Media Mayhem: How a church retreat reminded me of the value of points of view

Lars Lonnroth, Assistant News Editor

Despite what some may claim, teenagers are aware of the world around them. Some are more aware of world than others, but high school students do consume news—but teenagers often consume the news in forms different than people have in the past: mainly, online.

I read the news like some adults do, in print, but I am the minority. While teenagers aren’t drifting towards the newspaper, they are still reading news in some way or form. But that does beg the question, “Are the places they are getting their knowledge credible?” In this environment, that is of the utmost importance not just for high schoolers but for adults, too.

This weekend, myself and many other teenagers talked about this topic in a workshop I led at a church-sponsored retreat I attended with my youth group.

I’m a Unitarian Universalist, which in essence is a religion in which a person decides their spiritual beliefs for themselves. Church ministers help you to do that by providing different spiritual points of view. Similarly, when it comes to news, isn’t that how you should decide your political views, too?

Unfortunately, not many people do this, largely because it takes so much time to get views from an array of ideological sources. In the workshop, we tried to highlight why that kind of reliance is a bad, bad idea.

I organized this workshop on fake news and media bias with a friend from my youth group and—as we expected—many teens have opinions on the state of the news media.

But when it comes to news literacy and the way in which stories about the same topic can be so drastically different, there was less knowledge on how that happens and how to pick that out.

We entered wanting to discuss media literacy and how the sources of our news impacts how we see the world around us, and we had a lot of ways we started this conversation.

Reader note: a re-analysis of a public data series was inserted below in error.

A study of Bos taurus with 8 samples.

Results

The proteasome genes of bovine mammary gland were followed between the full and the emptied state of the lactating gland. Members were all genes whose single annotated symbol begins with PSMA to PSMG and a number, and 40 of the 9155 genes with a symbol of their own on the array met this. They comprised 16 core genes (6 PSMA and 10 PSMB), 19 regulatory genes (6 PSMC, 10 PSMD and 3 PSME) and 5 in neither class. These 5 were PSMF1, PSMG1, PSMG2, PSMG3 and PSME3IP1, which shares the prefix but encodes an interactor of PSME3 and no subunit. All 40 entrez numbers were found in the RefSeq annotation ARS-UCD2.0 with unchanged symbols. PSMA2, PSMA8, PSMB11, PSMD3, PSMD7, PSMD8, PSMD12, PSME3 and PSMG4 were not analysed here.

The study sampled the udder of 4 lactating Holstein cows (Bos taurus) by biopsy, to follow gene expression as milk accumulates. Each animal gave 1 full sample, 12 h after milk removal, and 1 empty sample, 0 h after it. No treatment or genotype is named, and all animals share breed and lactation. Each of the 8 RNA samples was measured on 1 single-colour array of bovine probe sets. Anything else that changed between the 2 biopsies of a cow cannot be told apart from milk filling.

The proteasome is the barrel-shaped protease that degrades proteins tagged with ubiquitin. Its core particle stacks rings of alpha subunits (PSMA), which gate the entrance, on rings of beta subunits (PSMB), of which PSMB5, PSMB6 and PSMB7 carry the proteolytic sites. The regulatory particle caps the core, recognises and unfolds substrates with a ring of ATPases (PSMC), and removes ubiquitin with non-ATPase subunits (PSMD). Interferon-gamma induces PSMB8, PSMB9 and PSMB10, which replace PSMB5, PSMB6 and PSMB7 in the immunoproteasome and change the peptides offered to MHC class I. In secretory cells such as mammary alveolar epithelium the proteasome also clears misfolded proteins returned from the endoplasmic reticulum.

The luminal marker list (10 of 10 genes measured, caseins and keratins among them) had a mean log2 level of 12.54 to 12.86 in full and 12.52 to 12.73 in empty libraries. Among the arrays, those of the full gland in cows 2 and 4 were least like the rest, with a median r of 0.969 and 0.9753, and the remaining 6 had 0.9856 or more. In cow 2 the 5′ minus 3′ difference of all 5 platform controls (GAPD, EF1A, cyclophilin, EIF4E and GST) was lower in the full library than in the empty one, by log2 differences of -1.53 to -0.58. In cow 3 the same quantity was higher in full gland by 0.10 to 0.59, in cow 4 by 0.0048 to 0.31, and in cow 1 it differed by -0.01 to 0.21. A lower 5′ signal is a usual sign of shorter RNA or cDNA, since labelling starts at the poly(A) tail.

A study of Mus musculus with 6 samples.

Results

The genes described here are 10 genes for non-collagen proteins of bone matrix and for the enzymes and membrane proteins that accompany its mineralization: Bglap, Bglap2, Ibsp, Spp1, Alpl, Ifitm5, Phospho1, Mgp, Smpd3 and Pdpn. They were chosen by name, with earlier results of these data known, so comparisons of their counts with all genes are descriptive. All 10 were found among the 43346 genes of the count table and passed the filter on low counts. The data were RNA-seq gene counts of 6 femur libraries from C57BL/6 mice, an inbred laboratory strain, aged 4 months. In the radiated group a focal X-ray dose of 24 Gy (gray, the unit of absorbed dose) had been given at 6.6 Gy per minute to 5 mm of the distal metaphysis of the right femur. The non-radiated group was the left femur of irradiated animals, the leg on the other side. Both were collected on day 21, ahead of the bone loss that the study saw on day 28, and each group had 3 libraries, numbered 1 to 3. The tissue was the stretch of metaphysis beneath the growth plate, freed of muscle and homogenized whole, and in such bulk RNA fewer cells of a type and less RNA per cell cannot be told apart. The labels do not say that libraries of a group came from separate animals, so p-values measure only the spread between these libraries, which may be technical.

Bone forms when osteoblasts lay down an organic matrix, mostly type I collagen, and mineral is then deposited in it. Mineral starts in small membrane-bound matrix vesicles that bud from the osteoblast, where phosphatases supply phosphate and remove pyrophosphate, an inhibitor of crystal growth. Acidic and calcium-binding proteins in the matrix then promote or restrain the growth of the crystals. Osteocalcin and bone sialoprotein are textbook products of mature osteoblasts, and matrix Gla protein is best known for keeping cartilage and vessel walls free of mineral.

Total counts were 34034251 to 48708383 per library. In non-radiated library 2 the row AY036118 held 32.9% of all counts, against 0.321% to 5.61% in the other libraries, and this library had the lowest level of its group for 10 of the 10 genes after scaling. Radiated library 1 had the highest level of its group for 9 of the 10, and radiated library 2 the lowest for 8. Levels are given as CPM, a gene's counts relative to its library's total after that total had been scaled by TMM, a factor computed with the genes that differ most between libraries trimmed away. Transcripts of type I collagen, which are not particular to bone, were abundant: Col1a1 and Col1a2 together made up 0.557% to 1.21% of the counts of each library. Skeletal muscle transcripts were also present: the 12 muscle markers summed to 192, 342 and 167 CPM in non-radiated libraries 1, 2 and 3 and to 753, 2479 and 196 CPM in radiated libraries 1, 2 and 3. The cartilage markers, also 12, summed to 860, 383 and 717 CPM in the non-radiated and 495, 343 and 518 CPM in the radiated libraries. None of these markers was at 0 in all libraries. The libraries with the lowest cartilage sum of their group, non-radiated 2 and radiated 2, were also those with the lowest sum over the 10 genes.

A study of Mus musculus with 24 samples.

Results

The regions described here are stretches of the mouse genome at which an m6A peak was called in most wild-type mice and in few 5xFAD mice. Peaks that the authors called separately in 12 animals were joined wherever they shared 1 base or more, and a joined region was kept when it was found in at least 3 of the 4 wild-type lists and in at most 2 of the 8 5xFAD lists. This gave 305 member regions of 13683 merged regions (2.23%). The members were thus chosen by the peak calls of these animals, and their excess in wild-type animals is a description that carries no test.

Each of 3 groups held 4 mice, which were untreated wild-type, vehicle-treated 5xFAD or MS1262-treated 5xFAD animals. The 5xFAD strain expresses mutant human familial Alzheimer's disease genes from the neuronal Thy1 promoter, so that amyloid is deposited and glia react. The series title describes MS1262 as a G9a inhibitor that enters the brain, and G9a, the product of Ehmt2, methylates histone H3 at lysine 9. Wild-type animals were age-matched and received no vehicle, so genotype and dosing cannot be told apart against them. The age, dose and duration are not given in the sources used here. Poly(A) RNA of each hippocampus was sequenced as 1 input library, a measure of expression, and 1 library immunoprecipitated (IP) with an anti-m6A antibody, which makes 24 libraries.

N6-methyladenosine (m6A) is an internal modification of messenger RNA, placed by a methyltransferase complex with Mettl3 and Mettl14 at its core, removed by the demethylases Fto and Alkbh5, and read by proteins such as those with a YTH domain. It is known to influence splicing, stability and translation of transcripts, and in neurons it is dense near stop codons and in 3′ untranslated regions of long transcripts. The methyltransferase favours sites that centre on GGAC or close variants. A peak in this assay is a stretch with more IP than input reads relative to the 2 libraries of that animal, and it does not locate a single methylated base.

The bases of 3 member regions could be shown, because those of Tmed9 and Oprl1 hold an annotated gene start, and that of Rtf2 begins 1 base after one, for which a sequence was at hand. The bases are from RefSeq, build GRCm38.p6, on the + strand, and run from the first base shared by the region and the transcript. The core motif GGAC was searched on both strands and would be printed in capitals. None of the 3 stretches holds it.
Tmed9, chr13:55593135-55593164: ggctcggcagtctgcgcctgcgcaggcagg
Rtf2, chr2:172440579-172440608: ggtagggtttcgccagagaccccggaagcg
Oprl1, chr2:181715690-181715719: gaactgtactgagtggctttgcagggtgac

Never—and I repeat, never—have I fabricated a news story, but as a part of this workshop, I participated in the creation of some “fake news,” in the original definition. While being adapted to meaning any coverage someone disagrees with, our fake news was literally fake.

The other co-leader and I sat down and created a set of shared facts revolving around a certain incident and we wrote two articles based on the same situation. But we intended on having out stories creating two totally different impression of the story, based largely on the facts we choose to include and the facts we didn’t. That is a lesson for we journalists, too. Even if a story is 100 percent factually correct, the interpretation it gives off can be wrong.

I can’t speak to the experience of everyone who was involved in the workshop, but for me it felt really good to hear other points of view when it comes to how the media works. Even though I think and write about media, it is arrogant to assume that my opinions are by default obviously the best, because they are not.

In a sense, leading this workshop reminded me of the need for perspectives.

I think it is essential for all of us—for teachers, for baristas, for accountants, for chiefs and, believe it or not, journalists—to think and assess the credibility of the outlets we receive our news from. Even if the information is not necessarily false, the way they present their news can give you a different perspective on the world than someone receiving their news elsewhere.

To truly understand the world, you have to talk to people who understand things differently. The same goes for a person’s sources of news. Read the New York Times and supplement that with Wall Street Journal. Read The Chicago Tribune, and get the Sun-Times, too.

We all need to look to different sources for different points of view: in print, or on TV, or on the radio, or online. Balance is everything—especially in news consumption.